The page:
DULUTH -- The Gwinnett Gladiators signed an affiliation agreement with the Phoenix Coyotes for the 2011-12 season Wednesday.
The Gladiators were in search of a new NHL partner after ending an eight-year relationship with the Atlanta Thrashers several months ago. Team president Steve Chapman has been working since June on establishing a new affiliate in the NHL and reached a one-year deal with Phoenix.
"It just starts with putting feelers out," Chapman said. "Early in the summer, the truth is NHL teams aren't worried about who their ECHL affiliate is going to be. They have things like the draft and free agency to deal with. So it's just laying the groundwork at that point.
"The good news on this deal -- and there were several options -- is Brad Treliving is a guy I've known for a long time."
Treliving is the Coyotes' vice president of hockey operations and assistant general manager. He played in the ECHL in the early and mid '90s before getting into management.
"We got to talking," Chapman said, "and one of the things I said was that, to be completely honest, this is Phoenix and we just went through this (uncertainty with ownership) with Atlanta.' They said, hey, they do have some things they're uncertain about, but one of the things they are committed to is developing players.
"And they are. The more we talked, the more comfortable I got. And I think they liked our focus, to make players better and move them up."
Over the course of eight years, Gwinnett has fielded 156 call-ups involving 112 players. The Gladiators have had at least 22 players called up to the AHL in the past four seasons, including a record 28 during 2009-10.
"Obviously you look at the track record and the history of the Gladiators," Treliving said. "They are an elite franchise as far as how they're run, the facilities, the support, how they look after their players. From an organizational standpoint, they're a top organization in the ECHL.
"Then you look at the success on the ice and then the people involved. I've known Steve Chapman for a while and know the experience he has, and most important, the kind of guy he is. It was a real easy decision and what we thought was a perfect fit for us."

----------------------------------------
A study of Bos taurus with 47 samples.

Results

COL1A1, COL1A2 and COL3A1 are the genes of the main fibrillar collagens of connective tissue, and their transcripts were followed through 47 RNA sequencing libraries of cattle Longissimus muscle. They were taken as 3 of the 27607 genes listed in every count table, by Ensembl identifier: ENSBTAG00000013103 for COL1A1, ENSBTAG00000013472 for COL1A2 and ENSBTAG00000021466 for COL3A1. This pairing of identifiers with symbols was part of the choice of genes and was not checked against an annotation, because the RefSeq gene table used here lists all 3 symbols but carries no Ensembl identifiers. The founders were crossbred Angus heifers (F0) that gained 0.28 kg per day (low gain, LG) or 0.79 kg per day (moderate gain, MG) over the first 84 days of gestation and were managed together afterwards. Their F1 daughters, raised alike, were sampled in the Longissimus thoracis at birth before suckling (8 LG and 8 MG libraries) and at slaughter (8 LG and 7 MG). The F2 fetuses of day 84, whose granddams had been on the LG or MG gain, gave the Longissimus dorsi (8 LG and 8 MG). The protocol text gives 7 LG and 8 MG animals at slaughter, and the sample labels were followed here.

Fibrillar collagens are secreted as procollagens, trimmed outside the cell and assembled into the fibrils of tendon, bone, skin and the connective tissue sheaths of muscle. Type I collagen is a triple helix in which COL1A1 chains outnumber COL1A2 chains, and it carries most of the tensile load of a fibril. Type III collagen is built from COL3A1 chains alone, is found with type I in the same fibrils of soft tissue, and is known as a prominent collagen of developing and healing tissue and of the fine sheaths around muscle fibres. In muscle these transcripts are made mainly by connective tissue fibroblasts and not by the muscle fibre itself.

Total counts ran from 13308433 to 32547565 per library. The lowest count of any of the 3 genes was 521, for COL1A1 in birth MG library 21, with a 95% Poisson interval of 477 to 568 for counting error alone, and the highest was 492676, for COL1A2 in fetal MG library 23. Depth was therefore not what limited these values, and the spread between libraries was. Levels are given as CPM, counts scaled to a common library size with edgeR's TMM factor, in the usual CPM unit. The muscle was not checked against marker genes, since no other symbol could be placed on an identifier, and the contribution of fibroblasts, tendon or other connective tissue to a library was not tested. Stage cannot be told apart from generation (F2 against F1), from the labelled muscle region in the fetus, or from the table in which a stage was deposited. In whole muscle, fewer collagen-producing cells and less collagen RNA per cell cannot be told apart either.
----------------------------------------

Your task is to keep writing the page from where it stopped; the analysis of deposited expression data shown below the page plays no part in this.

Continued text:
The Coyotes were previously affiliated with Las Vegas and will continue to have Portland as their AHL team.
That was another big piece of the puzzle for Chapman.
In the past, the Gladiators were occasionally cannibalized by their affiliates. Such is the nature of the beast at the lower end of the totem poll, but there are organizations successfully using the affiliate relationship to make all the clubs better.
"For last eight years, we almost served two different masters," Chapman said. "What I love about this is Phoenix controls the AHL team.
"We deal with Phoenix. We won't have Portland trying to do what they want to do and Phoenix trying to do what they want."
On top of that, Ray Edwards is the Pirates' head coach and another ECHL alum. Edwards played in the league, including a brief stint in Birmingham when Chapman was also there, and moved on to become a coach. He subsequently was hired as an assistant in the AHL before being named a head coach in San Antonio during the 2009-10 season.
"These guys know what it's like to be in our league," Chapman said. "They're going to do what they have to do, that's how it works, but I do like the fact that we have guys that appreciate and know where we're coming from."
"We're cognizant," Treliving said. "We've lived it. We've walked in those shoes. It's all part of the relationship, having a mutual respect. Ultimately, we've got to do what's right from a hockey standpoint, but we have an understanding."
Phoenix is the fourth NHL team Gwinnett has been affiliated with, developing prospects from Atlanta, Chicago and Columbus. The Gladiators worked with the Thrashers since their inaugural season in 2003 and later added short partnerships with the Blackhawks (2008-09 after their ECHL affiliate in Fresno ceased operations midseason) and the Blue Jackets (2009-10).
"An important thing for any successful relationship to work is knowing they're part of our family and the whole chain of how things work, the development chain," Treliving said. "They play a vital role. The whole goal is to make the players better -- whether they be in Portland or in Gwinnett -- we want to get better and help that particular team."
Chapman said the Coyotes talked about sending a goaltender, two defensemen and up to four forwards.
"If we get all that I'll be pleasantly shocked," Chapman said. "It's a good number of players. But there's a double-edged sword there. You hope to get players, but do have possibility of losing them."
It's a scenario Gwinnett has dealt with all of its eight seasons, to varying degrees. It's the price of being an ECHL team, especially one with a reputation for developing players.
"Often the ECHL team is looked at as the ugly stepchild a little and to me, that shouldn't, and definitely isn't, the case," Treliving said. "Everybody's got a different development curve. It's so important to draft well and after that it's important to develop them.
"Our hope is that we're going to continue to do that. We've got guys on the team that have played with the ECHL. It's an important level and our hope is the guys that end up in Gwinnett are good players that will help the team, but also develop and move up."